I’m honored to be Rick’s guest blogger once again. My previous post here was all about light. This time around I’d like to share some tips and photos of one of my favorite local subjects: The Golden Gate Bridge. This coincides with the publication of my new ebook which just happens to be all about photographing the bridge.
Of course you can apply these tips to any subject, not just bridges. Which brings me to my first tip:
Find a Subject and photograph it 100 times or more over the course of a year.
Have you ever visited a location for a second time and seen things that you didn’t notice on the first visit? This happens to most of us. When you photograph something at different times of the day and year, you see how it looks in various conditions and the multitude of photographic possibilities that are available.
Even if you don’t live near a beautiful natural or historical landmark, there is always something to photograph. Pick a subject, it could be a place or a person (it’s probably best to get their permission first), or a more general subject: Flowers, leaves, rocks, dogs, etc.., as long as it’s something easily accessible. Photograph this subject at least twice a week for a year at different times of the day and in different weather.
When you do this, several things will happen: You will find many ways to photograph that subject that you hadn’t previously considered. After you do the obvious shots, you’ll look for other ways to shoot it and that’s when you get creative. You will also become much more knowledgeable about your subject, maybe even an expert. As your knowledge of a subject grows, the quality of your photographs of that subject improves. Don’t expect to get a great shot every time, but the growth in your photography will be more than worth the effort.
Move your camera.
It sounds obvious, but how many times do you see somebody walk up to something, place the camera in front of their face and shoot at eye level? Have you done this before? I know I have.
Pay careful attention to how the position of your camera affects the image and you’ll find that small changes make big differences. When making this image of the Golden Gate Bridge I positioned the camera close to the ground above the foreground rocks to make the viewer feel like they were standing right there with me.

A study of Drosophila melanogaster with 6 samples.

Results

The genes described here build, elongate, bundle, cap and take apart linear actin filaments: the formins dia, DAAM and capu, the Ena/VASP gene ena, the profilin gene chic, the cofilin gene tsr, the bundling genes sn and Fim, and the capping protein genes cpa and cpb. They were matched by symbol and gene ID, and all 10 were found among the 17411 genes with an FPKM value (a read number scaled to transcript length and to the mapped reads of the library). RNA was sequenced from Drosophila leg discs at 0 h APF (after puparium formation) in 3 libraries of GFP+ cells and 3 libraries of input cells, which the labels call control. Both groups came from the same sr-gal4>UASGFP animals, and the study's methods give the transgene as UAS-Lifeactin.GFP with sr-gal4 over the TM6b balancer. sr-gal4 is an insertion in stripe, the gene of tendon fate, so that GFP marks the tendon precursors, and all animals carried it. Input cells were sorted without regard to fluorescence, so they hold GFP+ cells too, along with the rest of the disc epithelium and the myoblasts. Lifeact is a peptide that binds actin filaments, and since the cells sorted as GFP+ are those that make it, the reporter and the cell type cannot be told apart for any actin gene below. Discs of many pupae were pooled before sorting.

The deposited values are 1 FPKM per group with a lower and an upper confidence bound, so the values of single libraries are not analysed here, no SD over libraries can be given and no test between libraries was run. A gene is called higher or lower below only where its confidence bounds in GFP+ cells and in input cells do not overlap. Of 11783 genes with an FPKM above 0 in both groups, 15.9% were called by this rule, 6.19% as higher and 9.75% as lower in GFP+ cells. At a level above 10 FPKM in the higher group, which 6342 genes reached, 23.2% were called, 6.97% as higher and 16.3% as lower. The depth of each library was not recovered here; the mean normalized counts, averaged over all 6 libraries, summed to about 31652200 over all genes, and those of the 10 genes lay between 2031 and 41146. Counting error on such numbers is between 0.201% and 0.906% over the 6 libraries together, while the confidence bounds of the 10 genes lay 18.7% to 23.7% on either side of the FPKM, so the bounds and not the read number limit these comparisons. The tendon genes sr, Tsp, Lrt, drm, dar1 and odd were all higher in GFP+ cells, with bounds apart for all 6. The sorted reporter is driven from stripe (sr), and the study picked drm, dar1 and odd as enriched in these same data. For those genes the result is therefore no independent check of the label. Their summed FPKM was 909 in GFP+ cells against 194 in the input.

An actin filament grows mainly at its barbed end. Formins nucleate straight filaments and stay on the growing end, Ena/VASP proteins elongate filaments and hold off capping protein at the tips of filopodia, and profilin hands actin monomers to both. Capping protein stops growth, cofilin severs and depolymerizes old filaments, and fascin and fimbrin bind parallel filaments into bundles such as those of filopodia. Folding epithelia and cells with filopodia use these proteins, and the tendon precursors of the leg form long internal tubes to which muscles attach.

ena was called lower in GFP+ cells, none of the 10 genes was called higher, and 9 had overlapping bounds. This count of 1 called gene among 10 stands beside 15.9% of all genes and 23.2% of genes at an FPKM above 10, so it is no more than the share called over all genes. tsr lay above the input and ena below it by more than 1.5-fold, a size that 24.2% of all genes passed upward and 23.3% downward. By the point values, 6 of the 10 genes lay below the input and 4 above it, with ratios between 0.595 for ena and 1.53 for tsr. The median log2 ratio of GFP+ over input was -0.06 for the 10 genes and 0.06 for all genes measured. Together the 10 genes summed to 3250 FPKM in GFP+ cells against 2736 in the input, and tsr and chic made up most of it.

I was also careful to keep the camera at a 90 degree angle to the ground to keep lines of the bridge towers and cables perfectly straight. When you tilt your camera, vertical lines become diagonal lines. Tilting the camera up or down would give the towers and cables the appearance of leaning, which might be fine in Pisa, but this is San Francisco. Tilt the camera more and the effect becomes even more dramatic. Sometimes you want that type of distortion, but when you don’t, keep your camera straight. (Using a tilt/shift lens can also eliminate this effect.)
Place your subject in between an interesting foreground and background.
The classic landscape formula of foreground, subject and background has been used for ages and isn’t going away anytime soon. When you find a foreground and background that complements your subject it creates context and depth.
In this case, a three second exposure made the waves that lapped the beach appear as streaks that mimic the patterns of the clouds. This creates a harmony that complements the bridge and makes it stand out at the same time.
Be watchful of cluttered foregrounds and backgrounds that distract from the subject rather than enhance it. You want the foreground to lead the eye to the subject, not take it away.
Keep shooting after the sun goes down.
I see this scene play out regularly when I’m in a popular location: A slew of photographers are shooting a beautiful sunset and as soon as the sun disappears, most of them pack up and leave.
As tempting as it may be to head off to a cold beer or dinner, hang around for a little while and see what opportunities open up after dark. The blue hour that immediately follows sunset and precedes sunrise can offer some outstanding colors and creative possibilities that aren’t possible during daylight hours. In fact, every photograph in this post was done after sunset or before sunrise.
If you like my tips and photographs, please visit my web site.
Explore the light,
P.S. One of the reasons why I switched my site to Squarespace: the ability to vary the layout of blog posts, as you see here. Use one-click to get started with your own awesome Squarespace site today.